Listening with Understanding and Empathy

Practical Ways to Build this Habit in the Classroom

Listening with understanding and empathy is a crucial skill that not only enhances personal relationships but also plays a significant role in academic and professional lives. The Habit of Mind of Listening with Understanding and Empathy, as identified by Prof Art Costa and Dr Bena Kallick, goes beyond simply hearing words; it involves actively engaging with the speaker, seeking to comprehend their perspective and responding with genuine empathy. Great listening also involves being able to monitor and control your personal dialogue and thoughts, putting your own thoughts aside to be present to the speaker’s words and meaning.

In the classroom, teaching students to listen with understanding and empathy can be a transformative
experience, fostering a more inclusive and compassionate learning environment. Here are some practical ways to teach this skill and habit in the classroom.

Active Listening Exercises

Create opportunities to practice active listening exercises. When students are discussing or brainstorming in pairs or small groups, invite them to share what they heard and learned with the class.


Attending to the Physical
Explicitly teach students to notice and monitor the physical features of a speaker while they are listening. This takes practice. Practice seeing a speaker’s facial expressions, body language and eye movements. Also cue them into understanding voice intonation and what this may mean.

Teach the Listening Sequence
The three P’s of listening are Pause, Paraphrase and Probe.
• Pause: When the other person finishes speaking, wait for a few moments, ideally between 7-10 seconds! Ask yourself, “Has the other person really finished?” Sometimes waiting is the most helpful thing to do, rather than jumping in with your opinion. In that quiet space, the other person may clarify or reframe their point of view, solution or idea.
• Paraphrase: Summarise what you heard them say. This is a brief explanation that represents what was told to you. This is not the time to add your thinking, inferences or new ideas.
• Probe: Ask questions to promote clarity and precision of the other person’s point of view, solution or idea.

This can aid others in understanding their own thinking better. Questioning helps to eliminate ambiguity and ensure effective communication. Here are some examples of clarifying questions:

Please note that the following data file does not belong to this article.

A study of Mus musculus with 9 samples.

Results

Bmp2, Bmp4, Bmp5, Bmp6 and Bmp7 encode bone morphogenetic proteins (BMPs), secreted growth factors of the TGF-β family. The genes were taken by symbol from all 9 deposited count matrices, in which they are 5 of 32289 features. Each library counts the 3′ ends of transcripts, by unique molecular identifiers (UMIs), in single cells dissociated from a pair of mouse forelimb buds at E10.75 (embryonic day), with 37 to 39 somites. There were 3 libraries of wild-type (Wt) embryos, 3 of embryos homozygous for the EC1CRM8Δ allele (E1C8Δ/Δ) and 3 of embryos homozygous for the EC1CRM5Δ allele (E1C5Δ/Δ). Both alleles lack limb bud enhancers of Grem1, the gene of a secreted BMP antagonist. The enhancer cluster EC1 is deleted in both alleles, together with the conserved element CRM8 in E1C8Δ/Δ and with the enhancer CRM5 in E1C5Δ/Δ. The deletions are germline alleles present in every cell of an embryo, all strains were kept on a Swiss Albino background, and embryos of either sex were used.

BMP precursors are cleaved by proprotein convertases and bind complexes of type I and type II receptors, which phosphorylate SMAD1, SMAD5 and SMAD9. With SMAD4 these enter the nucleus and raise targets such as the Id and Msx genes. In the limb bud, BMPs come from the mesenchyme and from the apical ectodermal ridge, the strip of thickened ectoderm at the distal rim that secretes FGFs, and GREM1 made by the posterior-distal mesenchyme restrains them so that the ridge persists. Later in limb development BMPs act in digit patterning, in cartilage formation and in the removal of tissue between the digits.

– Can you please explain that in more detail?
– What specifically do you mean by xyz?
– I’m not sure I understand. Can you walk me through it step by step?
– Can you give an example to illustrate your point?

Be Curious
One of the fastest ways to teach students great listening skills is to authentically model them. Show students you are interested in finding out more about what they say or their reasonings. Use phrases such as, “Tell me more,” and, “What makes you say that?”

Role Play and Perspective-Taking
Role-play activities help students see the world from different perspectives. Assign roles and scenarios that challenge students to understand and empathise with characters who have diverse backgrounds, experiences and viewpoints. Debrief after the role-play to discuss the importance of empathy in understanding others.

Reflective Journals
Implementing reflective journaling in your classroom can be a powerful tool for teaching listening with understanding and empathy. Have students write about their experiences of actively listening to others, sharing their insights, challenges and personal growth. This practice helps them become more self-aware and encourages continuous improvement.

Guest Speakers and Real-World Application
Invite guest speakers to share their experiences and perspectives with your class. Encourage students to actively listen, take notes and ask thoughtful questions. Afterwards, discuss what they learned and how it increased their understanding and empathy for different perspectives in the real world.

Empathy-Building Literature
Incorporate literature that focuses on empathy and understanding into your curriculum. Novels, short stories and poetry can provide valuable opportunities for students to explore and discuss characters’ emotions and perspectives. Encourage students to write essays or engage in discussions to deepen their understanding of empathy.

Teaching the Habit of Mind and then listening with understanding and empathy, is a valuable investment in your student’s personal growth and academic success. By fostering connection, enhancing learning and developing emotional intelligence, this skill equips students with the tools they need to navigate a diverse and interconnected world. Incorporating active listening exercises, role-play, reflective journals, guest speakers and empathy-building literature can help you instill this essential habit in your classroom, preparing your students to become empathetic, open-minded and compassionate individuals.

As Professor Art Costa says, “What if everyone in the world listened with understanding and empathy? The world would be a very different place!”

Published on Friday, November 24th, 2023, under Habits of Mind

Karen Tui Boyes is a champion for Life Long Learning across nations, industries and organisations. Winner of the NZ Educator of the Year 2017 and 2014 and the NZ Speaker of the Year award in 2013 & 2019, Karen is a sought after speaker who continually gets rave reviews from audiences around the world. Her dynamic style and highly informative content—which turns the latest educational research into easy-to-implement strategies and techniques — sets her apart from others in her field.